I grew up in a low income community in the Midwest that was predominately African American with a few scattered white, Hispanic, and American Indian families. My immediate neighborhood was surrounded by old factories, highways and upper-low income and middle class neighborhoods. Our community was filled with folks experiencing generational poverty, which is the experience of being poor handed down from generation-to-generation, and situational poverty, which is an interuption thrust upon a generation of a family that can either go on and on or be interupted itself. There was also talk of collective depression, the product of wide-ranging alcoholism, drug addiction, parental incarceration, Post-Traumatic Stress Disorder and other challenging experiences affecting many of the families where I lived, including my own. All these factors were made worse by terrible schools, weak social support structures and distressing patterns of policing and economic imbalance throughout our community.
When I was young my family started attending a church where the minister was a former radical black activist in the 1960s and early 70s. By the age of 12 I had a firm understanding of who Malcolm X was, and how his role was important to my life as a white kid growing up in my neighborhood. Later when I started attending a more mainline congregation in my neighborhood I learned from former hippies and young idealists whose visions for social change were a little more subdued, but no less intense. It was also there that I met the city’s most important black actor and director, the man who helped me understand my life’s desire to work with young people in empowering and engaging ways. He was no less radical than my first minister, and taught me lessons about white flight, community organizing and race relations when I was a teen wrestling with the racial tension in my high school and the apparent ignorance of the adults who worked in that environment.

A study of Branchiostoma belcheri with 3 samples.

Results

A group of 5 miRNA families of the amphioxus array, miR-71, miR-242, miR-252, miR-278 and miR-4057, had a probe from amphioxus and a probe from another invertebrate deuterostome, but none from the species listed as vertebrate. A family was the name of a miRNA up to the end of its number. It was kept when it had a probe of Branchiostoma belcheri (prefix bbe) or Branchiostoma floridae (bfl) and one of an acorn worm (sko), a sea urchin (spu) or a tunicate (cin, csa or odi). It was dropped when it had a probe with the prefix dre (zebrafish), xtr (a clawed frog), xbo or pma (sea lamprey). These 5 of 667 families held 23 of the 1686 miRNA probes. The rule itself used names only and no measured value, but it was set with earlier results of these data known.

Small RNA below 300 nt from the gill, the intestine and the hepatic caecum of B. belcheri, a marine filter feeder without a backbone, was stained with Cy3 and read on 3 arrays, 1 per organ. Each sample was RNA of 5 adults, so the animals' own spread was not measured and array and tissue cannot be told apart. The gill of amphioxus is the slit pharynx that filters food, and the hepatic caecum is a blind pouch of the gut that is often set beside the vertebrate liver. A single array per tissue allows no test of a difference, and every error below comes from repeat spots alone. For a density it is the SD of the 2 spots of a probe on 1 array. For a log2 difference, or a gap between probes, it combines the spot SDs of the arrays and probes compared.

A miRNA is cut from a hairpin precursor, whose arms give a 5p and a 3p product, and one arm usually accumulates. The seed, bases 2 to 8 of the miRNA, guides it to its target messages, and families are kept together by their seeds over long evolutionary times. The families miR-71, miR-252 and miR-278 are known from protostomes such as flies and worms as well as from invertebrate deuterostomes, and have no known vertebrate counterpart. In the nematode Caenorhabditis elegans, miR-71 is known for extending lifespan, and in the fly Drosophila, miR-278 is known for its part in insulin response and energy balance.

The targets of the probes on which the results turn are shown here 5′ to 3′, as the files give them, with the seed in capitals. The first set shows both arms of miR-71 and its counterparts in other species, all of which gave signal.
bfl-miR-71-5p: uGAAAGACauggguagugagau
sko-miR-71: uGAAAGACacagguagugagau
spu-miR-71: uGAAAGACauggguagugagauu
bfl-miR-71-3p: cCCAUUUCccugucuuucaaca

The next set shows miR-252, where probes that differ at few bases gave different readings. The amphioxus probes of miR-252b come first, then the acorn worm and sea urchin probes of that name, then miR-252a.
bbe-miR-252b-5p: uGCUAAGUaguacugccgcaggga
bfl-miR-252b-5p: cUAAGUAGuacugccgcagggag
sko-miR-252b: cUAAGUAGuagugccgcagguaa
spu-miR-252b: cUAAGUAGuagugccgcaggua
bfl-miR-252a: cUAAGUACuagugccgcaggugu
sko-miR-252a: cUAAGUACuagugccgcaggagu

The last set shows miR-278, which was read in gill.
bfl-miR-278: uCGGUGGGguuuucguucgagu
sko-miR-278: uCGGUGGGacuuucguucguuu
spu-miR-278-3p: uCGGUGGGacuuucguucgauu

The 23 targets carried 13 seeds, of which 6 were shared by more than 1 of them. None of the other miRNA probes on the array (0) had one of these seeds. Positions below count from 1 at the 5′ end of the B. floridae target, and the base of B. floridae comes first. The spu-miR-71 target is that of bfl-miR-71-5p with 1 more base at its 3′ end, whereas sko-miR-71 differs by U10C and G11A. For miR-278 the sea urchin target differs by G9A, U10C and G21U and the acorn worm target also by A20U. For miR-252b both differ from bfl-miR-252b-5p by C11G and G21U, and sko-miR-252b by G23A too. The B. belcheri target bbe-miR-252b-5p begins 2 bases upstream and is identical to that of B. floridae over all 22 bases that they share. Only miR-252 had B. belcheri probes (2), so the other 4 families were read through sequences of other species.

In response to this stimulus, and many other experiences that included violence and crime, activism and protest, police harrassment and educational neglect, and parental support and community values, I found my commitment to social justice growing into a powerful force in my early 20s. All these experiences helped form my understanding of Youth Voice, civic engagement, community organizing, radical democracy and educational progress. Traveling and living across the United States and in Canada I have found that these same experiences, as well as many others lived by black, brown and white kids in urban, rural and suburban communities all over, form all of our understandings of Youth Voice, civic engagement, community organizing, radical democracy and educational process.
Each of us must explore where our roots in this work are, and how those roots affect our efforts to create change. With that consciousness we can move forward in a deliberate and intentional relationship to ourselves and the world around us. Only then can we meet Gandhi’s charge to, “Be the change you wish to be in the world.”